WEST LONG BRANCH – The time may finally be here for a constitutional convention to address the lingering, often crushing issue of property taxes.
That was the assessment by Majority Leader Lou Greenwald, (D-6), Voorhees, who with Assemblyman Declan O’Scanlon, (R-13), Red Bank participated in a panel discussion presented by the New Jersey League of Municipalities Tuesday.
Greenwald said state lawmakers have taken various initiatives to tackle the problem of higher taxes, but property taxes have continued to grow. It’s just that the rate has slowed down slightly.Greenwald said state lawmakers have taken various initiatives to tackle the problem of higher taxes, but property taxes have continued to grow. It’s just that the rate has slowed down slightly. Among the moves, he said, state govenrment has made to slow the growth of the tax hikes are the 2 percent property tax cap, interest arbitration reform, pension and health benefits reform, and pay-to-play reform.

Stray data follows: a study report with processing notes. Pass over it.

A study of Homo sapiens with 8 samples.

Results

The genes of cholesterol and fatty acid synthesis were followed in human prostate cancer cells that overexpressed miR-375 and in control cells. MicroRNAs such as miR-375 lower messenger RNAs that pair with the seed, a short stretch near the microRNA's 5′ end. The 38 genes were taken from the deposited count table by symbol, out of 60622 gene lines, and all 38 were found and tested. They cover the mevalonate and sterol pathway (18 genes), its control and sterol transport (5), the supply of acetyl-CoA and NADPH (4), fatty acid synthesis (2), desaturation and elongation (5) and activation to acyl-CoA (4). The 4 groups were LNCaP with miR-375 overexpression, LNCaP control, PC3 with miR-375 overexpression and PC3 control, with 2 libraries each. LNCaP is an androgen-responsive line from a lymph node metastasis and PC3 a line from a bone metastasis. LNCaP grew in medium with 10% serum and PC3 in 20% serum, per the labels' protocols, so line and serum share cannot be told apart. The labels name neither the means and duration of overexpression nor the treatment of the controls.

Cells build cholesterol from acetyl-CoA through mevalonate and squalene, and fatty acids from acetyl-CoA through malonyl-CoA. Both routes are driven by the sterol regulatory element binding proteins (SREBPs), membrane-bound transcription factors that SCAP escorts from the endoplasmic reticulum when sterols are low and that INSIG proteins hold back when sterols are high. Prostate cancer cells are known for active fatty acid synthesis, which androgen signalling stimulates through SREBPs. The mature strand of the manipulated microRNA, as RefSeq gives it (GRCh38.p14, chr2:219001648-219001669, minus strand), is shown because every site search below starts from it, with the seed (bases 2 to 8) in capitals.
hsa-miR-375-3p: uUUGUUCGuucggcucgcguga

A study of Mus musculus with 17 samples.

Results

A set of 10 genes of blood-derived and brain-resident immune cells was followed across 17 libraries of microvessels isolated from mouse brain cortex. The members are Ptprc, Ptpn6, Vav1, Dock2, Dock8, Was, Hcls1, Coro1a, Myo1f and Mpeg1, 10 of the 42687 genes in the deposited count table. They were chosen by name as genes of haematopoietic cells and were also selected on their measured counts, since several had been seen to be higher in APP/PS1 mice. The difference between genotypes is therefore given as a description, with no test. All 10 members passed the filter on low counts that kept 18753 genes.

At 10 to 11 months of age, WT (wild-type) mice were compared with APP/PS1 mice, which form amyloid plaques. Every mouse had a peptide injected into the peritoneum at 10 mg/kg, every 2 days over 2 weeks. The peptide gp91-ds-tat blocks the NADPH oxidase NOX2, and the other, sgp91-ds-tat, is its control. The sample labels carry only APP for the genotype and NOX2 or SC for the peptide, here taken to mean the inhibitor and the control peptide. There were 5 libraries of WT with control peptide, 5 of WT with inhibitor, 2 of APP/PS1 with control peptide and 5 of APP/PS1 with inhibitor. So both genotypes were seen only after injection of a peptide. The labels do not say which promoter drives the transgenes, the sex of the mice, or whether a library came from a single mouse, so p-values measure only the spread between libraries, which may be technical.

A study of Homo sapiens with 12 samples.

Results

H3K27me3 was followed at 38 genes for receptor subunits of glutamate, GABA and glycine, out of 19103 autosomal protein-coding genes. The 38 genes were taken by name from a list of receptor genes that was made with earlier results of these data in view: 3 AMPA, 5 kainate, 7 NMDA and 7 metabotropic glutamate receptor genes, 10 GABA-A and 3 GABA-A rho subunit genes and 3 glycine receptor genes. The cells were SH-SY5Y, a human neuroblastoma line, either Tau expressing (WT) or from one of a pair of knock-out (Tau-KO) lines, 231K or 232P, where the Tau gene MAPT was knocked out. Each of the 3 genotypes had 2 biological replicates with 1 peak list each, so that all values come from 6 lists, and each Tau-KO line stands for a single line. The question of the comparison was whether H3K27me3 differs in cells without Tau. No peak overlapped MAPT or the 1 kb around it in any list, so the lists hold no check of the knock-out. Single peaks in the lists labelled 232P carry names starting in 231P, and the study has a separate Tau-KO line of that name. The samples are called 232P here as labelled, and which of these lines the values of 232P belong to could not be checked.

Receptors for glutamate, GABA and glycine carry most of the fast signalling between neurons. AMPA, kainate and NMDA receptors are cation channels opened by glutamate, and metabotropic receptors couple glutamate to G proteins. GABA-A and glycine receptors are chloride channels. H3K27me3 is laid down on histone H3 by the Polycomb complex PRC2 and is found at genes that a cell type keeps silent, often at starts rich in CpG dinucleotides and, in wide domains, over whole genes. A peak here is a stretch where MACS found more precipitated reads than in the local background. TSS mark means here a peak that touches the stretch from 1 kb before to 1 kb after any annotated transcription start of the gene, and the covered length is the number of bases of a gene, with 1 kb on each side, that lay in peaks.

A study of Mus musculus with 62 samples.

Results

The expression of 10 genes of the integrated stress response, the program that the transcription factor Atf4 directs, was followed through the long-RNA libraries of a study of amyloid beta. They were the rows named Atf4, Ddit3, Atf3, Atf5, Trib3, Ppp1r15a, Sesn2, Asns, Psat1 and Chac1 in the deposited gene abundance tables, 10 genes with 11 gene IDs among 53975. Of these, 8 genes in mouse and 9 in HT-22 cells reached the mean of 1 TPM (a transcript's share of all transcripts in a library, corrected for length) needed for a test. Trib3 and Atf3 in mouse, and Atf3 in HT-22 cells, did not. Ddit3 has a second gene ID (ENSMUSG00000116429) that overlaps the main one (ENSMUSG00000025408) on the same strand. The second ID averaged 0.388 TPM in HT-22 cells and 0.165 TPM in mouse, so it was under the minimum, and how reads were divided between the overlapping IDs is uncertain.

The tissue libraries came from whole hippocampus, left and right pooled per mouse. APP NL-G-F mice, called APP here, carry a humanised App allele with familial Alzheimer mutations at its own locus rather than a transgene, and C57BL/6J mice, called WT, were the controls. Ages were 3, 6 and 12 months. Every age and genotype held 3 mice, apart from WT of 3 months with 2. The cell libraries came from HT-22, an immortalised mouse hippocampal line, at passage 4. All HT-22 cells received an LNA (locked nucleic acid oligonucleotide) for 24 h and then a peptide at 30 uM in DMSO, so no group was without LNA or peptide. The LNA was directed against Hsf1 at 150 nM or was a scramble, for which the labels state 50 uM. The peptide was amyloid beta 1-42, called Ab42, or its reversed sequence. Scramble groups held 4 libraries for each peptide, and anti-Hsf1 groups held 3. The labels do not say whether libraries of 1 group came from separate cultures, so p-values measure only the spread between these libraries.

A constitutional convention, he said, would at least allow citizens to explore options states have used to keep their property taxes under more control.
The high property tax crisis can also be solved, he said, just as the state did previously when auto insurance rates were skyrocketing.
“We fixed a problem many considered unfixable,” he said. “The convention will be a citizens voice.”
O’Scanlon said that while he’s not against the idea of a convention, he believes that the state government and lawmakers could find solutions to the problem.
He called for greater spending controls by state government so more money could go toward property tax relief.
He added about the convention, “you want to be careful what you wish for,” because there’s a possibility that some of the most radicalized citizens would participate.
At least one mayor, Michael Fressola of Manchester Township, supports the convention idea.
“If we have too many gutless people (at the state level), than that’s what it’s going to take,” he said.
He said it was a disgrace no solutions were provided by the lawmakers on addressing the property tax crisis.